What a Low-Carb Menu Looks Like

Here's what a low-carb meal plan might look like

Photo © Heiko Martin

A low-carb diet is one of the best ways to lose weight, and there are plenty of diets which follow a low-carb meal plan. Low-carb diets include the paleo diet, Atkins diet, ketogenic diet, low-carb, Meditteranean diet, Whole30, and a general low-carb diet. 

Not all diets are the same, so if you are following a specific program, make sure you know what it restricts and what it allows. The following sample menu works for a general low-carb diet.

Modifications can be made so that it adopts to grain-free and gluten-free plans as well as vegetarian and vegan diets. 

Breakfast

If you have celiac disease or a gluten sensitivity, pick a gluten-free cereal such as something rice or corn-based. If you are following a paleo or grain-free diet, cereal is not an option. Instead of cereal, you can try making breakfast products like muffins using almond or coconut flour. 

Lunch

  • Salad using 4 cups chopped romaine or other dark green lettuce (i.e., not iceberg), half an avocado, 4 ounces cooked chicken meat, and vinaigrette dressing such as sweet and sour lime dressing.

Snack

  • 1/4 cup whole almonds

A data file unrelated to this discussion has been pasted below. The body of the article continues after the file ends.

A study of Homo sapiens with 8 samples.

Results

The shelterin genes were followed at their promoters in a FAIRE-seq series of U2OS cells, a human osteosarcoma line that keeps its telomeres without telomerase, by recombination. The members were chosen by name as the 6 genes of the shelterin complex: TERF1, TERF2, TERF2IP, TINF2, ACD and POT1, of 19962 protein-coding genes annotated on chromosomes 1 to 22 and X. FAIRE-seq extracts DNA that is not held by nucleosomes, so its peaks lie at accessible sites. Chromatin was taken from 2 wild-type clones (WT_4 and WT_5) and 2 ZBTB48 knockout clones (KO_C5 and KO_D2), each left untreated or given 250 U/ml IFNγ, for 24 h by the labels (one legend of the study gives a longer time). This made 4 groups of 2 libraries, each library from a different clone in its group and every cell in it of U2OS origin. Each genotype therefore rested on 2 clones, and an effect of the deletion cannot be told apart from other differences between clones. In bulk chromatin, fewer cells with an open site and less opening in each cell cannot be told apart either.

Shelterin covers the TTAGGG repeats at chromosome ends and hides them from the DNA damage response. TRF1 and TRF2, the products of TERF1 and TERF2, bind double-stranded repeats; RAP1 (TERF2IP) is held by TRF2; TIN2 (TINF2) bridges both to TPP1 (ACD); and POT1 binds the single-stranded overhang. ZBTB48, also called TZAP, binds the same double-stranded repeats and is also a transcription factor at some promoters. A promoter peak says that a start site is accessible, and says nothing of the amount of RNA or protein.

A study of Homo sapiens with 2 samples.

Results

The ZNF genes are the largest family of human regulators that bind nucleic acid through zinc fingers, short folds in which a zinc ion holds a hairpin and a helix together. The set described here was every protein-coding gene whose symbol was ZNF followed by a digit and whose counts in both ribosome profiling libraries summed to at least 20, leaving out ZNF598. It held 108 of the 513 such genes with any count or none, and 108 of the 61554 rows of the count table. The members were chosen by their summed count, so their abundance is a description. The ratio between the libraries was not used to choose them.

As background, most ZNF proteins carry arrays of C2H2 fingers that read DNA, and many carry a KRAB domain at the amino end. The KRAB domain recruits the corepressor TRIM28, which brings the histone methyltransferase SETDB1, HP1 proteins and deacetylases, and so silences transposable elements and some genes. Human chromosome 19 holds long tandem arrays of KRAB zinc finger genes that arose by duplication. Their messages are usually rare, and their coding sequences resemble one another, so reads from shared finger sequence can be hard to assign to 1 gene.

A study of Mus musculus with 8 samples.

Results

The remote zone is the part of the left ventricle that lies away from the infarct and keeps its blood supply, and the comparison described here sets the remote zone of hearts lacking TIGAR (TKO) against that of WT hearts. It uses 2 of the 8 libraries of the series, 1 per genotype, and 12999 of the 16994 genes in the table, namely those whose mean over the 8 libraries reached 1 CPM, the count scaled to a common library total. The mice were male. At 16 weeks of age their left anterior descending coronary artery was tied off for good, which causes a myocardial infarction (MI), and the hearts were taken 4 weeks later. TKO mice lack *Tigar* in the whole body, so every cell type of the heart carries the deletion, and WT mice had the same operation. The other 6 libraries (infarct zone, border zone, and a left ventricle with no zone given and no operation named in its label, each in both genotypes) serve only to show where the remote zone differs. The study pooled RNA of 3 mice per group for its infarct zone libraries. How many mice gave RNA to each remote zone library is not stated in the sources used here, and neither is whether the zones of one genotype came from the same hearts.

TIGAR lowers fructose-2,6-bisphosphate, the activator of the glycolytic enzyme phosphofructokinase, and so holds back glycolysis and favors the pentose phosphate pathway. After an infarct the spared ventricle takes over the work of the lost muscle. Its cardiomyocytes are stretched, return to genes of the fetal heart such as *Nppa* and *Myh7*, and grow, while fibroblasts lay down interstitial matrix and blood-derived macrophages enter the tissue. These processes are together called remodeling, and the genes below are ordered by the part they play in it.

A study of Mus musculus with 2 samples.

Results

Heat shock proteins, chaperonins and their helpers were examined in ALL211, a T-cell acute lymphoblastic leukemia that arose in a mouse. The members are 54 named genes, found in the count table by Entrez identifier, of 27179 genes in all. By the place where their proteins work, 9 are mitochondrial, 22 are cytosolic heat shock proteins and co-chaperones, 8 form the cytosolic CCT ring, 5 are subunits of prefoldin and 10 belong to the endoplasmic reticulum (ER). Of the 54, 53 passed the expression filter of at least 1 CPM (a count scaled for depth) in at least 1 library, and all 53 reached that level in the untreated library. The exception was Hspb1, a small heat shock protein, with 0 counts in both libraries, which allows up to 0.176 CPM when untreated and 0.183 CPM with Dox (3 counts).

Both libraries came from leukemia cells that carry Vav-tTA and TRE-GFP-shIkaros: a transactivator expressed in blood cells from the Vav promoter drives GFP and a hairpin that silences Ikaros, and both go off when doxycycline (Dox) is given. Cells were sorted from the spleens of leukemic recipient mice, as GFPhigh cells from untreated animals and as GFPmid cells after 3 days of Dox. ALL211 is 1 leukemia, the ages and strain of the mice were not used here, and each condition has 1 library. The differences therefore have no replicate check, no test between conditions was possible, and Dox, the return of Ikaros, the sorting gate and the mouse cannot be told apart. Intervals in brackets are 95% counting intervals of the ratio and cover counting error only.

Dinner

If you are a pescatarian, vegetarian, or vegan, you can swap the meat and chicken out for beans, tofu, eggs, nuts, or fish.

Keep in mind, if you change the protein source, how much protein you are consuming may change. Always read your labels to see how much protein a synthetic meat has as compared to carbs.

Nutritional Analysis: Total 26 grams effective carbohydrate plus 32 grams fiber. For Atkins Induction, leave off the mushrooms and pepper dish at dinner, and the total carb is slightly less than 20 grams of carb plus 29 grams fiber.

The menu also contains 95 grams of protein and about 1500 calories.

Note: Calories can be varied by adding and subtracting protein and fat, or, if your particular carbohydrate needs vary from this, by changing amounts of carbohydrate foods. All menus have essentially all essential vitamins and minerals except for calcium and Vitamin D. “Essentially” means that one particular vitamin might be a bit under one day or another. For the most part, these menus far exceed the minimum requirements.